5 Accounts Receivable Collections Best Practices

Nicole Dwyer

The sooner your company gets paid, the sooner you’re able to pay your own bills or invest in new business opportunities.

That being the case, today’s leading organizations are continuously trying to optimize their accounts receivable collections processes to accelerate payments and solidify cash flow.

Let’s take a look at five accounts receivable collections best practices that will help you take your accounting department to the next level.

1. Move to email

Are you still sending your customers bills through the mail?

Assuming you invoice your customers the first moment you can—and let’s face it, you almost certainly don’t—billing your customers via snail mail will slow down payments at least a few days. And that’s in the best-case scenario.

The first step to optimizing your collections process is to bill via email. Not only can you then invoice customers the moment after products are delivered or services are rendered, but you won’t have to wait a few days for the bills to make their way to the customers.

Invoicing your customers by email should speed up payments a bit. For even better results, consider moving to an automated AR solution that will take care of all of these communications for you. The right solution will automatically notify customers when payments are coming due and follow up with them when payments are late—all without manual intervention.

2. Make payments as easy as possible

Imagine you have a customer who thinks it’s a major hassle to pay a bill by check. They prefer paying via credit card.

Don’t force your customers to pay in any specific way. The more options you give them, the more likely they will pay you on time.

For example, rather than only giving your customers the option to send a check through the mail, consider implementing an online payment portal that’s available 24/7. Don’t limit your customers to only paying with Visa, either. Accept as many payment options as you reasonably can.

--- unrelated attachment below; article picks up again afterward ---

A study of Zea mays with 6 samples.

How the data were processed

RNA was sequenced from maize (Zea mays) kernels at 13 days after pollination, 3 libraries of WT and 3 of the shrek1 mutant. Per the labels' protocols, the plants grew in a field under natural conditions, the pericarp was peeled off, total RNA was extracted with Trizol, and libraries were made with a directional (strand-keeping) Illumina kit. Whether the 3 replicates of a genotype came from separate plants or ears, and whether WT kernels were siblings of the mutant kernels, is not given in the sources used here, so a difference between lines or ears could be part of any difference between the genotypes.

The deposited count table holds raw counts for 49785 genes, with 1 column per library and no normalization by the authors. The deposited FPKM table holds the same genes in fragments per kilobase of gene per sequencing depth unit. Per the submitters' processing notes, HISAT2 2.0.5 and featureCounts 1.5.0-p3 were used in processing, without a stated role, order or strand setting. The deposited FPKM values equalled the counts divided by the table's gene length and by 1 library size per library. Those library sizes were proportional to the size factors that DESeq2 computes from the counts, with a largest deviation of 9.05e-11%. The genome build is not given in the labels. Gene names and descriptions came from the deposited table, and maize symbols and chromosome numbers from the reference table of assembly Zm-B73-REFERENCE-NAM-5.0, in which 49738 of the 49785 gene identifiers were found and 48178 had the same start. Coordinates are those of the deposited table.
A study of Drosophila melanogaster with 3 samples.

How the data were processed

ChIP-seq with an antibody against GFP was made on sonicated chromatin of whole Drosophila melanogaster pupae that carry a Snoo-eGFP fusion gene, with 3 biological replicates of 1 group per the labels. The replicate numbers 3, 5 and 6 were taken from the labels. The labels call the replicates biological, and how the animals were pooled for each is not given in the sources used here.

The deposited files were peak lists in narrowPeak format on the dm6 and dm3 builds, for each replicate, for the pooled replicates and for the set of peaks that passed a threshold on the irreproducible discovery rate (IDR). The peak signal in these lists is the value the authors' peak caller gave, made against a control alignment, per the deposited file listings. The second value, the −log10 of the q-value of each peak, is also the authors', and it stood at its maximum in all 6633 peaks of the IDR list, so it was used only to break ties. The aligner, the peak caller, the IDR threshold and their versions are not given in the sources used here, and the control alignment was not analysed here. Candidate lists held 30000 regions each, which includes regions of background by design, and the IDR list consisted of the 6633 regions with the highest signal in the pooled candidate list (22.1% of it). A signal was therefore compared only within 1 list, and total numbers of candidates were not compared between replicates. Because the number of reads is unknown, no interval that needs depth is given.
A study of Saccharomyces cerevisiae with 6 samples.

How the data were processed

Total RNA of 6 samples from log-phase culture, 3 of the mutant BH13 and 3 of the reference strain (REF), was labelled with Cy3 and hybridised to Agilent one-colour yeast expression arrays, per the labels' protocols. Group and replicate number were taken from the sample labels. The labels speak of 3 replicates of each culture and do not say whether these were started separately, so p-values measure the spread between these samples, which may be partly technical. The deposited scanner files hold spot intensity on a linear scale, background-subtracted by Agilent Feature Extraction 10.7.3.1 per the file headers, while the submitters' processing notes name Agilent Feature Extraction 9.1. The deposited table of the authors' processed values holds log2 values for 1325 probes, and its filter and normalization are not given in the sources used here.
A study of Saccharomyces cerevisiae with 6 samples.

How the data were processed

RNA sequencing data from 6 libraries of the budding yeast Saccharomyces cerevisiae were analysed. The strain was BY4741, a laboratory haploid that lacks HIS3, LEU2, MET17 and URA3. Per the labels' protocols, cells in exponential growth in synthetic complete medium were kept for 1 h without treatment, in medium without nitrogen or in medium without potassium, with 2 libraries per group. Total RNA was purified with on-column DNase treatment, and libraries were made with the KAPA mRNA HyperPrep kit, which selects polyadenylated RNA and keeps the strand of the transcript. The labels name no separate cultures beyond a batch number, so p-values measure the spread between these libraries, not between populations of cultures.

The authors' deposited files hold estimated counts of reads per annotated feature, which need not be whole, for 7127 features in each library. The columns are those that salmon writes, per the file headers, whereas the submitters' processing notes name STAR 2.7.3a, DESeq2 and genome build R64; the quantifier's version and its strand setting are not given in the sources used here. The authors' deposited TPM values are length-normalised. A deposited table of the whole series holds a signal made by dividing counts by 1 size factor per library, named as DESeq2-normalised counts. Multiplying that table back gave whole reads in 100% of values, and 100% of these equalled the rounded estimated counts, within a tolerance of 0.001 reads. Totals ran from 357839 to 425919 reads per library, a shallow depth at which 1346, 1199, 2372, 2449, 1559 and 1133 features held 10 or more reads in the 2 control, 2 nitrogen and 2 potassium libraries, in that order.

The easier it is to pay, the faster you’ll get paid.

3. Establish a credit policy

The last thing you want to do is extend credit to countless customers only to spend the next several weeks—or even months—trying to track down the money you’re owed.

Today’s strongest companies have detailed credit policies that outline which kind of customers they’re willing to give net terms to—and which kind have to pay their accounts in full right away.

By establishing a credit policy and making sure your employees and customers are aware of it, you can decrease the chances you give credit to customers who are unlikely to repay. As long as the policy is clear, employees won’t feel bad having to deny credit to certain customers—and customers who get denied can’t feel as though they’re being mistreated.

4. Create a system for following up on late payments

In an ideal world, none of your customers would ever submit late payments. Unfortunately, that will never become a reality for your business.

From time to time, some of your customers will pay late—even if they’ve established a track record of paying on time for years. To increase the chances you get paid as quickly as possible in these scenarios, it is critical that you have a procedure in place for how your company will follow up on late payments.

What might such a system look like?

Send your customers reminders when payments are coming due—perhaps 10 days or so before the due date. If they don’t pay on time, send reminder emails something like three or five business days after the due date has passed. If they don’t respond, try your luck on the phone.

Depending on how bad it gets, you may want to rope a collections agency into the process—but only as a last resort.

5. Offer early payment discounts

No business wants to pay any more than they absolutely need to for products or services.

Incentivize your customers to pay ahead of time by offering early payment discounts. For example, you might add the terms “3/10 n/30” to your invoices to give customers who pay within 10 days a 3% discount. Otherwise, the full amount of the invoice is due within 30 days.

You might not convince all of your customers to take advantage of the early payment discount. But you almost certainly will convince some of them.

Your business can reduce the likelihood it encounters cash flow problems by streamlining your accounts receivable collections process and implementing an automated AR system to help your team manage it effectively.




Nicole Dwyer
About the Author

Nicole Dwyer is Chief Product Officer for YayPay, bringing more than 10 years’ experience in accounts payable and receivable technology to ensure YayPay continues to meet the needs of its customers. Having spent her entire career in commercial payments, Nicole understands high- and low-value payment systems, the complexities of how businesses pay and get paid, and has worked with distributed teams spanning the globe. She is a graduate of Worcester Polytechnic Institute. Residing in New Hampshire with her husband, daughter, and son, they spend their time outdoors and creating new adventures.